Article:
The heatwave two weeks ago was the hottest weather we have had on Exmoor for over 20 years, but it already seems a distant memory as we return to the more usual grey skies and drizzle. During the midday heat much of the wildlife was forced to take shelter from the blazing sun, with the deer tucked up in the shade of the Baronsdown beech hedges, rabbits retreating underground and even the horseflies taking a couple of hours siesta in the middle of the day, which gave us all a break from their constant biting. In contrast, Ringlet and Meadow Brown butterflies suddenly appeared in large numbers on the fields and I was treated to a Humming-bird Hawk-moth feeding on nectar-rich flowers.

Covert cameras positioned around the League’s wildlife sanctuaries continue to turn up surprises. One camera picked up a Roe buck, doe and kid walking the same path separately, but within days of each other. The same camera also caught a fox carrying a large rabbit along the path; presumably taking it to feed its cubs that were secreted away somewhere. These are quite possibly the same fox cubs that I caught a brief glimpse of early one morning, before they slipped off quietly into the bracken. According to the latest British Trust for Ornithology survey, fox numbers have fallen by 34% across the country since 1995, so it is great to know some are surviving on the League’s wildlife sanctuaries and it is always a privilege to get even a fleeting sight of them.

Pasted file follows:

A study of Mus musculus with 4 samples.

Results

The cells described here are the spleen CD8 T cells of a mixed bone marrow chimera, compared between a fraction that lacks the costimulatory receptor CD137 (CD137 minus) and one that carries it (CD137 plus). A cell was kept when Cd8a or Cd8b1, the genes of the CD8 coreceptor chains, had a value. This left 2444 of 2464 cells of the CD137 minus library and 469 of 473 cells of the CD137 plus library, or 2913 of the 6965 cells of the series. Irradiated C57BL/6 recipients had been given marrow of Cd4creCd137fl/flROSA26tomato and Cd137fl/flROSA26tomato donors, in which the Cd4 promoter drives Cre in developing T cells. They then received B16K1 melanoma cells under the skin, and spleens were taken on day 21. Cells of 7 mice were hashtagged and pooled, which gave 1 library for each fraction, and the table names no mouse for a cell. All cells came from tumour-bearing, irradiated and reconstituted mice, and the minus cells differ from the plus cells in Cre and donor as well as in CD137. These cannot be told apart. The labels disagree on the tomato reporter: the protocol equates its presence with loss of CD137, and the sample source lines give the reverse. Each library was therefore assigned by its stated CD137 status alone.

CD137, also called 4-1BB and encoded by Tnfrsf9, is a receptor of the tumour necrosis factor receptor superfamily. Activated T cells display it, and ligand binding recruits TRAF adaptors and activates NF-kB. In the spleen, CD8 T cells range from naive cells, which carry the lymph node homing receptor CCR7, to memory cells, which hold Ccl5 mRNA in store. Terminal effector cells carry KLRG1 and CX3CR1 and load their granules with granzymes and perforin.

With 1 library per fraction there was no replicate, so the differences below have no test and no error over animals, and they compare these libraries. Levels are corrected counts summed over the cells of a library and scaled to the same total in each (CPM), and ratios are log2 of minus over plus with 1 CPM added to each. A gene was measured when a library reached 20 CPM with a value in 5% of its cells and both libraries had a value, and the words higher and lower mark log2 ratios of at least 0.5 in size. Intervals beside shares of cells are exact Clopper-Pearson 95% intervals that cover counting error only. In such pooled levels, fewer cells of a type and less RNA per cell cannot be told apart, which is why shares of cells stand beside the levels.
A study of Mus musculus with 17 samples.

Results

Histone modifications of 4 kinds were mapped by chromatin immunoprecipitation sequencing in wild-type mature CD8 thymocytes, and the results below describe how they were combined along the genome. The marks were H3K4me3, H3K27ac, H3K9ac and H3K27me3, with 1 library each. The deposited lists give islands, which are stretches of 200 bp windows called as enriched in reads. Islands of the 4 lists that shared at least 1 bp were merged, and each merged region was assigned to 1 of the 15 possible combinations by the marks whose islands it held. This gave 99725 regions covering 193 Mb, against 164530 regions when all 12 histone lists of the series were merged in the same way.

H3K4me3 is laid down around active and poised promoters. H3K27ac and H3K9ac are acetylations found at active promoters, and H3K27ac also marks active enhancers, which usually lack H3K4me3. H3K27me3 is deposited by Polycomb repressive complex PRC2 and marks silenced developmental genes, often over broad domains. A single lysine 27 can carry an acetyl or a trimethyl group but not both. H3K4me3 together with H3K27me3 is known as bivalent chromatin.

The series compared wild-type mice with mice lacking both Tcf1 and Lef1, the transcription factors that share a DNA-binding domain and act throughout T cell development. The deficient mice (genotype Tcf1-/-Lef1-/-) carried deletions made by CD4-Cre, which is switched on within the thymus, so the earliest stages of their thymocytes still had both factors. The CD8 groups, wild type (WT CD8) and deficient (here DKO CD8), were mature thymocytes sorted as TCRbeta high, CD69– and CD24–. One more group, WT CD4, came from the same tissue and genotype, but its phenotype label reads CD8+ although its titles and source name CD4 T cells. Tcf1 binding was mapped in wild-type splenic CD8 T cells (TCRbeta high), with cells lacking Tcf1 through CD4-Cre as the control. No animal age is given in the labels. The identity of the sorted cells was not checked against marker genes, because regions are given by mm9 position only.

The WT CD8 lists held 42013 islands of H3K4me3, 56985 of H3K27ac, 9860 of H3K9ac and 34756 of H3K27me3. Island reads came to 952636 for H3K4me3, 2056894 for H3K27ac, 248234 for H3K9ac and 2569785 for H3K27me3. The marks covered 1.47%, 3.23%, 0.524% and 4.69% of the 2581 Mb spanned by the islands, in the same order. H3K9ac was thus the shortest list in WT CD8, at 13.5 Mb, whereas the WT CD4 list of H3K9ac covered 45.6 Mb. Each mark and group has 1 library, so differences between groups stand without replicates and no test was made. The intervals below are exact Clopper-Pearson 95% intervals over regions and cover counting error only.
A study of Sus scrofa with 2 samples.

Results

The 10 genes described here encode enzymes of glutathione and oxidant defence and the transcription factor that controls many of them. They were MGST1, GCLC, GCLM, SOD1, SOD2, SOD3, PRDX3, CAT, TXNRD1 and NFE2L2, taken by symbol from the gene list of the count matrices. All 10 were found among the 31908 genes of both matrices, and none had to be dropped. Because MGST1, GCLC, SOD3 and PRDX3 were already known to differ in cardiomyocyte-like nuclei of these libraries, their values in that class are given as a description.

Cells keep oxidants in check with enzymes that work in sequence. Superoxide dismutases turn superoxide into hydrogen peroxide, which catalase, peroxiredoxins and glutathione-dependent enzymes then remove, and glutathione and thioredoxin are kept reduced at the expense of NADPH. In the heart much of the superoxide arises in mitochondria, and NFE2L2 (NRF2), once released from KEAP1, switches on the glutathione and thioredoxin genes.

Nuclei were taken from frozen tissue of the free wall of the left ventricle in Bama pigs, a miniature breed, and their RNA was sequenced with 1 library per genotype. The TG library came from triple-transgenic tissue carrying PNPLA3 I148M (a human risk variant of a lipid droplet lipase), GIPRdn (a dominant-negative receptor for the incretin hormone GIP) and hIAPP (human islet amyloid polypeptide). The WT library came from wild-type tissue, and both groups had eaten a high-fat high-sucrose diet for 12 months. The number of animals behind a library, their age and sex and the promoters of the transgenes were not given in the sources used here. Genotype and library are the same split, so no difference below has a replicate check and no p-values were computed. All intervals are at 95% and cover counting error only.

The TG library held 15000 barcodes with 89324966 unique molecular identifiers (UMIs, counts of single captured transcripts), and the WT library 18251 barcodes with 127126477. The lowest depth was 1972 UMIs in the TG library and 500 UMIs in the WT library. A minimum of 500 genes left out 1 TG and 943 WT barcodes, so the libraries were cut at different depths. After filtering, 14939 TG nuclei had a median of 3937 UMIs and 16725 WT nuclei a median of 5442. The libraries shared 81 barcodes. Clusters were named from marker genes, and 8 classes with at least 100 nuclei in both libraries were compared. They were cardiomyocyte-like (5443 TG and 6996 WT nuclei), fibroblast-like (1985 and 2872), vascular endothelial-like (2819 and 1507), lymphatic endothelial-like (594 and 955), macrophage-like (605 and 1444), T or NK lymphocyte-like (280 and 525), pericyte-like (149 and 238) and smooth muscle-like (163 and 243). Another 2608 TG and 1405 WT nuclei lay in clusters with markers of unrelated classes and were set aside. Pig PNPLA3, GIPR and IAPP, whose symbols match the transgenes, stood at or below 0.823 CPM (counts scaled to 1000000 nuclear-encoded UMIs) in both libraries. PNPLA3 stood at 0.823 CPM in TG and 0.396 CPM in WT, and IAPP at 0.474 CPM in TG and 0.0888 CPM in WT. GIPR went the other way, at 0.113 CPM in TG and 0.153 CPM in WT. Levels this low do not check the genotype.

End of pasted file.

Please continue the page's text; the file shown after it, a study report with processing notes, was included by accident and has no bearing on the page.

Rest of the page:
Fox cub in Baronsdown wildlife sanctuary

Most of this year’s cohort of Red Deer calves on Baronsdown has been born and many have already joined the herd. It is lovely to see the calves interacting together in their crèche, whilst being watched over by one or two experienced hinds. Although Red Deer have no real predators in the England, it still pays to be vigilant. Occasionally stags will make a foray onto the fields to check out the herd of hinds and calves. It is, after all, only 3 months or so before breeding season starts again. The more mature more stags are currently sporting fine antler re-growth, though still covered in velvet, which makes them look a bit comical.